Research on three branches of activity

High-quality research is utilized to develop services to benefit our everyday life. Visible examples are improvement of weather forecasts, development of new expert and warning services as well as applications of the newest research results.

The meteorological and marine research programme does basic and applied research on meteorology, atmospheric science and physical oceanography. Research subjects include forecast models for different time frames, scientific applications and remote sensing observations linked to the research area as well as the effects of climate change and how to adapt to them.
 
The climate research programme does basic and applied research on the different components of the climate system. The research subjects are especially past, current and future climate as well as the composition of the atmosphere and its effects on climate change and air quality. Some of the employees of the programme work at the office in Kuopio.
 
The space and earth observation centre is responsible for the research of the polar regions and near space as well as developing technology related to the activity. The research subjects are especially arctic research and remote sensing, new observation methods and space. The Arctic Space Centre and Sodankylä office are a part of the Space and earth observation centre.

Science news

FMI's researchers publish about 300 peer-reviewed articles annually.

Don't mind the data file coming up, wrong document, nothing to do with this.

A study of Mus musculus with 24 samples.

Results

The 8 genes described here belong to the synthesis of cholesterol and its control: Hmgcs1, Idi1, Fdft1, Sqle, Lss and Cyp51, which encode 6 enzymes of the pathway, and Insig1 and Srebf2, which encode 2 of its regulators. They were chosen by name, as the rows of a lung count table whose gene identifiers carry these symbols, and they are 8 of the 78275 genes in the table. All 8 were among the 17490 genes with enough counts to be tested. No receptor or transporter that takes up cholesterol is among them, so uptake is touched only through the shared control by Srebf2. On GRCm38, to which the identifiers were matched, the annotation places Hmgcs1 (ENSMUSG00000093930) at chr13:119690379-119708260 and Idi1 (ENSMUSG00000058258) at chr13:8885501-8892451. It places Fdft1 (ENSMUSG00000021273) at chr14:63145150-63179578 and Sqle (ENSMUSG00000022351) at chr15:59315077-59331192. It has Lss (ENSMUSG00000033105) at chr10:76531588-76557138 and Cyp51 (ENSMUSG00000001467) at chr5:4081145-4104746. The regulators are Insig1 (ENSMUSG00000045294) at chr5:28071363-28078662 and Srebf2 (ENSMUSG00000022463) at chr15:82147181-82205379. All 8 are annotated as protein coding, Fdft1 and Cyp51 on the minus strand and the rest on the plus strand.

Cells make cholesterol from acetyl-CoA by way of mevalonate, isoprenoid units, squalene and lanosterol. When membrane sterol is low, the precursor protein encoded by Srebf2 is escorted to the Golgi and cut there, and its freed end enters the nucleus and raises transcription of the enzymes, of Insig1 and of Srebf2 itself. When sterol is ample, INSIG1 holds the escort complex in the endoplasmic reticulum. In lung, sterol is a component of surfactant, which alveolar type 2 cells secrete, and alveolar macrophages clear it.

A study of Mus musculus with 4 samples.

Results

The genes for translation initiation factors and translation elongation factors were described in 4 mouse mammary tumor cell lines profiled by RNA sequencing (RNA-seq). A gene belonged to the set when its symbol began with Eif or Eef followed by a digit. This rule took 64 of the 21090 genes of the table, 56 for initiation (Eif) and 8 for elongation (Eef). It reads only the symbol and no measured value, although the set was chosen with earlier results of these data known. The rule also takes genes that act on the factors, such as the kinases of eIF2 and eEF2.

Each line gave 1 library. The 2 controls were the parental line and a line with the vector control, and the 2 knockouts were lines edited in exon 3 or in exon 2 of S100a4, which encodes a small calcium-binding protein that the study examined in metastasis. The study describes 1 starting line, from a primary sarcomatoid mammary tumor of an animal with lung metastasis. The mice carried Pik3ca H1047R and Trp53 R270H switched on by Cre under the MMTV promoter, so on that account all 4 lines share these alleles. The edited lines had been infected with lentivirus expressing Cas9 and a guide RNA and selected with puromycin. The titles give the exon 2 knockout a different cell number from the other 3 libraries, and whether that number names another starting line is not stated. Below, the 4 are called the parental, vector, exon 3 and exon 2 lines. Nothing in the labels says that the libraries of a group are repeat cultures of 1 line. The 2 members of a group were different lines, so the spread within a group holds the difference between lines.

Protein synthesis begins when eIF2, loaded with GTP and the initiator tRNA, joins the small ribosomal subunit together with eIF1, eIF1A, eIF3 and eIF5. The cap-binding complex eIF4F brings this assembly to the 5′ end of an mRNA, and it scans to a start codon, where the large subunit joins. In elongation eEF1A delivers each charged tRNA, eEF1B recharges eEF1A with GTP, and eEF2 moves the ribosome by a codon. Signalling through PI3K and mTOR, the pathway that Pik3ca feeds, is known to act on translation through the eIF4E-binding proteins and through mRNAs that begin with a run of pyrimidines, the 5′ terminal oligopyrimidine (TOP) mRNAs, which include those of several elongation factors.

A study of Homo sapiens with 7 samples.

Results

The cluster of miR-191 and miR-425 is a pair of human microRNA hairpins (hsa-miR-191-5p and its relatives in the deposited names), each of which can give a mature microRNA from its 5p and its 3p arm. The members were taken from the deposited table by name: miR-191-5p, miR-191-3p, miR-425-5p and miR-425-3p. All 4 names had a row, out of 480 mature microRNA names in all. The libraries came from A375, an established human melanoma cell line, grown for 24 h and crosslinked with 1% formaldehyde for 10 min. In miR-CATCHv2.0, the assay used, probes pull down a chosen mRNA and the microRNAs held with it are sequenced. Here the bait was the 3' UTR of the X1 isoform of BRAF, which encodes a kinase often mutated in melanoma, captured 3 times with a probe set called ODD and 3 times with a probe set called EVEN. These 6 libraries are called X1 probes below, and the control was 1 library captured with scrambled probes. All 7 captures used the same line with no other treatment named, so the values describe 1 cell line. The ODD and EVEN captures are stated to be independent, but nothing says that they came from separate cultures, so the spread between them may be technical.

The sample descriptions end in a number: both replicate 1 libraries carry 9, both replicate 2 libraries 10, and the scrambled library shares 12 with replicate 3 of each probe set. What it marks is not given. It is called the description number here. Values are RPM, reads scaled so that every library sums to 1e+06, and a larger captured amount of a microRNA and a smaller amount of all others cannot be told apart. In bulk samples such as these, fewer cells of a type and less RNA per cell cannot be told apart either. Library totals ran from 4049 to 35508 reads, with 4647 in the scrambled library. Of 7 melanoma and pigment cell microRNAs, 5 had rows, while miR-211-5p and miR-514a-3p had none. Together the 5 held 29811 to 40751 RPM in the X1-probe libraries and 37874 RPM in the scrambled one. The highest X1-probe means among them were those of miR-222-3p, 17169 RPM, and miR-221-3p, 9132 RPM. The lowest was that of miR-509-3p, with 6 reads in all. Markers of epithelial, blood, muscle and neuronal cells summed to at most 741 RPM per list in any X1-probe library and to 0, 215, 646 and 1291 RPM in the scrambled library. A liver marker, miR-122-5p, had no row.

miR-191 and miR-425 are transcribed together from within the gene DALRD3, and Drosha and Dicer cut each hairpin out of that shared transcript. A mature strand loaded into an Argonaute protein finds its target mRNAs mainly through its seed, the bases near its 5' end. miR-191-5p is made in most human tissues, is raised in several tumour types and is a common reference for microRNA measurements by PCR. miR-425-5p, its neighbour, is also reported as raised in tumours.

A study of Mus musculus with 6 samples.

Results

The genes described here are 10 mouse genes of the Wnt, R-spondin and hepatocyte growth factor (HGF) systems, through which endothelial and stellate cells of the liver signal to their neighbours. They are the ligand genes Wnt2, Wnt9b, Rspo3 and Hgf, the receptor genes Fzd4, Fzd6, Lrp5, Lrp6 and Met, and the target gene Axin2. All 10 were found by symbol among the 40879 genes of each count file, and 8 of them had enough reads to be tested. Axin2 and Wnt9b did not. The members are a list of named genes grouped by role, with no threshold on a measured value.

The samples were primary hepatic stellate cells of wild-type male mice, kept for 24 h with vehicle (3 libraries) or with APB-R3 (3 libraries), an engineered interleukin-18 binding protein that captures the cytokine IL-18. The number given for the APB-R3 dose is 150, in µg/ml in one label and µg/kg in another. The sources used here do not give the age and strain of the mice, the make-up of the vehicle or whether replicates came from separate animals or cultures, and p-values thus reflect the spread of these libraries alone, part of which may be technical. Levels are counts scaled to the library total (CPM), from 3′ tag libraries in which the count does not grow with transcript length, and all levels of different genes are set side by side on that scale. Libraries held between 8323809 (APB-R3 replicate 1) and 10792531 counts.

In Science News we publish current information about FMI's studies on the weather, the sea and the climate.


Arabian Peninsula - one of the world's largest sources of airborne particles

The Finnish Meteorological Institute has taken part in a study into airborne particles in the Arabian Peninsula, which are factors affecting air quality in the region. Research has been conducted in both Saudi Arabia and Jordan.

The Arabian Peninsula is one of the world's greatest sources of airborne particles. The sources are both natural and man-made. Of the natural sources of particles, sand dust rising from the desert is clearly the greatest. 

More information:

Research professor Heikki Lihavainen, heikki.lihavainen@fmi.fi

H. Lihavainen, M.A. Alghamdi, A. Hyvärinen, T. Hussein, K. Neitola, M. Khoder, A.S. Abdelmaksoud, H. Al-Jeelani, I.I. Shabbaj, F.M. Almehmadi, Aerosol optical properties at rural background area in Western Saudi Arabia, In Atmospheric Research, Volume 197, 2017, Pages 370-378, ISSN 0169-8095, https://doi.org/10.1016/j.atmosres.2017.07.019.

http://www.sciencedirect.com/science/article/pii/S0169809516305920

Tareq Hussein, Brandon E. Boor, Vanessa N. dos Santos, Juha Kangasluoma, Tuukka Petäjä, Heikki Lihavainen, Mobile Aerosol Measurement in the Eastern Mediterranean – 1 A Utilization of Portable Instruments, Aerosol and Air Quality Research, AAQR-16-11-OA-0479.R3, accepted, 2017Aerosol and Air Quality Research, 17: 1875–1886, 2017


Science news archive

Contact information

Scientific Director Ari Laaksonen
tel. +358 539 5530

Meteorological and Marine Research Programme
Director Sami Niemelä
tel. +358 29 539 4172

Climate Research Programme
Director  Hannele Korhonen
tel. +358  29 539 2135

Space and Earth Observation Centre
Director Jouni Pulliainen
tel. +358 29 539 4701

FMI publications

FMI´s own publications series are:

  • FMI Contributions: high-quality peer-reviewed research results, mainly doctoral dissertations
  • FMI Reports: current research results mainly for customers and other stakeholders

All publications from 2016 onwards can be found on Helda.